The first of the declarations was by Governor Akinwunmi Ambode at the 2016 First Quarter Town Hall Meeting held in Ikorodu on Thursday, April 14.
After delivering the heart-warming news that the state government will formally sign a Memorandum of Understanding (MoU) with investors for the construction of the proposed 4th Mainland Bridge before the end of May, Ambode responded to complaints about activities of the Okada operators.
Throwing the challenge back to his audience, he asked if they would support a total ban on that mode of transportation. Unsurprisingly, majority of the stakeholders at the meeting answered in the affirmative.
Responding, the governor said, “I’m encouraged by this very transparent, credible, free and fair affirmation which I just got from the people. From the response, many of the people in this hall are in support of a total ban on Okada.”
What followed was a declaration that “all the security agencies in Lagos including the police, Task Force, LASTMA and others, to start with, are hereby directed to fully enforce the ban on Okada between Mile 12 and Ikorodu.”
The second public declaration came on Friday, April 15, the day after the Town Hall Meeting.
Ambode had presided over the monthly Security Council Meeting. High on the agenda was the activities of Okada riders and the security implication of their unrestricted operation.
Briefing Government House correspondents on the outcome of the meeting, which was attended by all security agencies in the state, Lagos State Commissioner of Police, Fatai Owoseni, betrayed the soft side of Ambode which perhaps explains why he wields the big stick with caution.
When asked about the governor’s directive that Okada should not ply the Mile 12-Ikorodu route, the police commissioner said: “You see, there is need to have the buy-in of members of the public in all these. The council considered the need for us to still tell the citizens that in as much as we want to enforce, there is also need for members of the public to wilfully comply with extant laws of the state. When they comply and conform to the laws, it will be easier for security agencies to enforce. Where the law says there should not be street trading, people should not patronise street traders; where the law says Okada should not ply certain routes, people should not patronise commercial motorcyclists in those areas.”
I am however sorry to break it to you Mr Commissioner; Okada operators and their customers will not wilfully stay off unapproved routes. As at the time of writing this article, commercial motorcycle operators have taken over the BRT corridor, not just between Mile 12 and Ikorodu, but as far as Ojota.
Ambode’s words that “anyone caught flouting this directive will have their Okada impounded and we would prosecute such people as well before the court” have proven not to be enough deterrent. It is time to appeal to something more than people’s conscience. Enough of Mr Nice Guy.
It should come as no surprise that stakeholders at the Ikorodu Town Hall Meeting were overwhelming in their support for a total ban on commercial motorcycle operators. The truth is that there was never any meaningful restriction of Okada movement in that part of Lagos. At the height of the clampdown by immediate past Governor Babatunde Fashola, the two-wheelers from other parts of town simply joined their colleagues in Ikorodu.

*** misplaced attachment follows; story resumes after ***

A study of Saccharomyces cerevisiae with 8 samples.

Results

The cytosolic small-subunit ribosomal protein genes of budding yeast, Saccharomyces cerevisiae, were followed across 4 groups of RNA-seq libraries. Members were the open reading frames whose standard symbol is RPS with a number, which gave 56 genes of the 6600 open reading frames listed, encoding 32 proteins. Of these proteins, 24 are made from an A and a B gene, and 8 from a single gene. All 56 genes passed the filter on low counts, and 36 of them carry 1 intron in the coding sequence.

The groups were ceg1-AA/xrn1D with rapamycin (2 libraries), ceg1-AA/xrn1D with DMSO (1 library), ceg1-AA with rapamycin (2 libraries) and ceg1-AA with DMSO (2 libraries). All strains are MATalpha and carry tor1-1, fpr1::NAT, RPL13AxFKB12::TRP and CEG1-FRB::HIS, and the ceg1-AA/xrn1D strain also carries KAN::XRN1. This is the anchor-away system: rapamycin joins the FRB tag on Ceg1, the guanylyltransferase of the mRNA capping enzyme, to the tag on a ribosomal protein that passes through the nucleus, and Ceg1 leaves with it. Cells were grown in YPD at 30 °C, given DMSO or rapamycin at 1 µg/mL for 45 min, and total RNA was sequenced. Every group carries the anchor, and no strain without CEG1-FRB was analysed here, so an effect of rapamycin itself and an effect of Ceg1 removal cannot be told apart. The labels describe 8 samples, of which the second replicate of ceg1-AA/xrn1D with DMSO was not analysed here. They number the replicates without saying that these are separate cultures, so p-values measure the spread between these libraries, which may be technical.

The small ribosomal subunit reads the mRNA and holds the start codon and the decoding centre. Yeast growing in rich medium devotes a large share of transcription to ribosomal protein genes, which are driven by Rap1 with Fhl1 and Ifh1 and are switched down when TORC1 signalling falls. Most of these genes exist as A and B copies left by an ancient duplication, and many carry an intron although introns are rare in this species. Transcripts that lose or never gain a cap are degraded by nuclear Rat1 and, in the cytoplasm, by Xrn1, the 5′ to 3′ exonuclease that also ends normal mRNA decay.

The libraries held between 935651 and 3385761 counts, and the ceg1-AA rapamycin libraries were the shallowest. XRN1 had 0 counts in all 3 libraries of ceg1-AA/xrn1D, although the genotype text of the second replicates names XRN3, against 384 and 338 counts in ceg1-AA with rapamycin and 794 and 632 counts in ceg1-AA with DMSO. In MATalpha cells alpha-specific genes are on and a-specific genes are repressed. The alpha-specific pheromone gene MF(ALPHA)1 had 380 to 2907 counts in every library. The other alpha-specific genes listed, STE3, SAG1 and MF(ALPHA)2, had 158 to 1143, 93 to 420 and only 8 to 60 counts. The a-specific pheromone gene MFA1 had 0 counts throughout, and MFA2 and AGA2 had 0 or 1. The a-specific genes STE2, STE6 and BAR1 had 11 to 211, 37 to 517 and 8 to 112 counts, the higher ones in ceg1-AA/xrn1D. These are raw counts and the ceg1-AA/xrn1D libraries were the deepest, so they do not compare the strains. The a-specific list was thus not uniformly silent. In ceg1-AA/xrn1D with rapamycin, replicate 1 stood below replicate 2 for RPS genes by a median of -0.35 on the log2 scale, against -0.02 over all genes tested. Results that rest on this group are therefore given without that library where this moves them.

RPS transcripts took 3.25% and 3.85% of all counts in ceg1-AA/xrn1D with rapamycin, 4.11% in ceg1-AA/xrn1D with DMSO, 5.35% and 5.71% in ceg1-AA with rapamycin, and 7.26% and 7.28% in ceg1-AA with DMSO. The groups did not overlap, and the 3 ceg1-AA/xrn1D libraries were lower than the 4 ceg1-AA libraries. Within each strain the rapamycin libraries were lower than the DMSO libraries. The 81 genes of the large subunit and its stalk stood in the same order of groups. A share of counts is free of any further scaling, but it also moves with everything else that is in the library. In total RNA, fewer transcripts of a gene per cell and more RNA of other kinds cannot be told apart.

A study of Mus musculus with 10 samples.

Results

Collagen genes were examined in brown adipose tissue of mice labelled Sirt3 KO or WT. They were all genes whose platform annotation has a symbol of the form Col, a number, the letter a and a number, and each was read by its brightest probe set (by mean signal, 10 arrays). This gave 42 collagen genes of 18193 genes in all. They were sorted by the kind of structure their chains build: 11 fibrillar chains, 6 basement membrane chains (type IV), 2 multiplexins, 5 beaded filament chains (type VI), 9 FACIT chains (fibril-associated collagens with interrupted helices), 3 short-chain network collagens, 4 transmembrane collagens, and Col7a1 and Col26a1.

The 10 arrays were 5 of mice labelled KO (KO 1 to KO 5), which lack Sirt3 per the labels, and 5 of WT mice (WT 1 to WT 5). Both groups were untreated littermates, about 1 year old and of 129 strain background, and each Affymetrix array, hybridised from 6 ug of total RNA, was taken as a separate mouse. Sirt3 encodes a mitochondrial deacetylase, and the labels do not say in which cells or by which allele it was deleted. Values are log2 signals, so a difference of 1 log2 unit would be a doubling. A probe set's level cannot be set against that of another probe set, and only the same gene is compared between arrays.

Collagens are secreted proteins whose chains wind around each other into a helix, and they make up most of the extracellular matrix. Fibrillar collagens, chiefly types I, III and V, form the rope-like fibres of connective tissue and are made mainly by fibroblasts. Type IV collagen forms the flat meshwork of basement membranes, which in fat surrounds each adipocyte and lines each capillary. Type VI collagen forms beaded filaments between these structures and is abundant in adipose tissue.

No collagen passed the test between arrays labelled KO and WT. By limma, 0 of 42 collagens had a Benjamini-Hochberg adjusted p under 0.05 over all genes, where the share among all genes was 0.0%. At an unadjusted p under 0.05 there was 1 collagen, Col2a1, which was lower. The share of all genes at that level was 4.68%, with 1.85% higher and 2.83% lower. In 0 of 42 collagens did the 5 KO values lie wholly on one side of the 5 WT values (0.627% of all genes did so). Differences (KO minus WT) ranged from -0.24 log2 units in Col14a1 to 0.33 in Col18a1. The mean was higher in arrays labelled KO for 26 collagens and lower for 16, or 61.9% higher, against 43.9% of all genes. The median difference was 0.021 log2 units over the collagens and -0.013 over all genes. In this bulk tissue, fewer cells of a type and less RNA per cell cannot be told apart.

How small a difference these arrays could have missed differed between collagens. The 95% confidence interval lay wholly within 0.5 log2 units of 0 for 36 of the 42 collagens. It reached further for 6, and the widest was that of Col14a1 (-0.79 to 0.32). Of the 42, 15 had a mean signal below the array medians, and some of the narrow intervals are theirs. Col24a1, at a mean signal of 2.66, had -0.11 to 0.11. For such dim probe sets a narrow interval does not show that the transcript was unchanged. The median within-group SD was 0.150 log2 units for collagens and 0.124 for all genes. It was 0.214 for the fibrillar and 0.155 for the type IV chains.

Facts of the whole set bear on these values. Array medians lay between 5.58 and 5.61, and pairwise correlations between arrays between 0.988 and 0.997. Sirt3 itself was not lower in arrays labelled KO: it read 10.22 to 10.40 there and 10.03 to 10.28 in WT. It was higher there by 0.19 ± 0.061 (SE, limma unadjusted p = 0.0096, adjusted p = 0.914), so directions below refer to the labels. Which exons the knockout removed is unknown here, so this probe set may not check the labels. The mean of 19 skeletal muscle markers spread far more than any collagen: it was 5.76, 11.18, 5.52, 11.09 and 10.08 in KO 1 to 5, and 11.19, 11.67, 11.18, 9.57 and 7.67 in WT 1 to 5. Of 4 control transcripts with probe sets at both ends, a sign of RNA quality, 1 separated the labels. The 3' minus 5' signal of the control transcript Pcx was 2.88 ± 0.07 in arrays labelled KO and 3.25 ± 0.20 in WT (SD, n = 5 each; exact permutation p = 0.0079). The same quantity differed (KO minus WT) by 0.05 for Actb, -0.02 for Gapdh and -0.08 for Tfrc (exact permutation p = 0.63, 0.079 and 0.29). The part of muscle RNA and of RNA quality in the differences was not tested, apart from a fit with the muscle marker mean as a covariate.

From TOS Benson Road to Ijede Road, and Isawo to Odonguyan, Okada riders were king of the road. The undisguised backing of some ethnic leaders rendered the police helpless to a large extent. Matters got worse with the unofficial window given to riders in the days leading to the 2015 general elections.
Using isolated cases of harassment of Okada rider by policemen and Lagos State Traffic Management Authority (LASTMA) officials as excuse, some members of the last Lagos House of Assembly made a case for the review of the Lagos Traffic Law. They argued that law enforcement agents had gone out of control and that should not be allowed to continue.
Taking a cue from that “concern”, Okada riders returned in large numbers to major roads in Lagos. Occasional rides by men in uniform metamorphosed into full-blown defiance by others who knew that the restriction could only last for so long. And like a man choosing his battles wisely, Fashola was measured in his response. With his administration on the last lap of an eight-year race, the former governor was compelled to look the other way.
The result was an upswing in crime and needless accidents in the state. That was one of the major challenges Ambode faced immediately after his swearing in. Actress, Ireti Doyle, and many other are proofs of the havoc robbers wreaked in the early days of the current administration.
Having found his feet and his government almost on cruise control, Ambode, like a blacksmith, has been hitting at the menace of Okada riders as a major challenge in crime control in Lagos. The deadly Mile 12 clash in March is traceable to commercial motorcycle riders. So is the activities of criminals in Ikorodu for which a joint police and military action was launched.
Whatever gains there are of allowing unrestricted movement of commercial motorcyclists are defeated when compared with the health and security implications that come with it. And with fears that Boko Haram elements may find their way into Lagos, the time is now to enforce the law guiding Okada operations in full.
Ambode owes Lagosians that much. And the people owe themselves a duty of care to support the government in its vow to deal with errant Okada riders.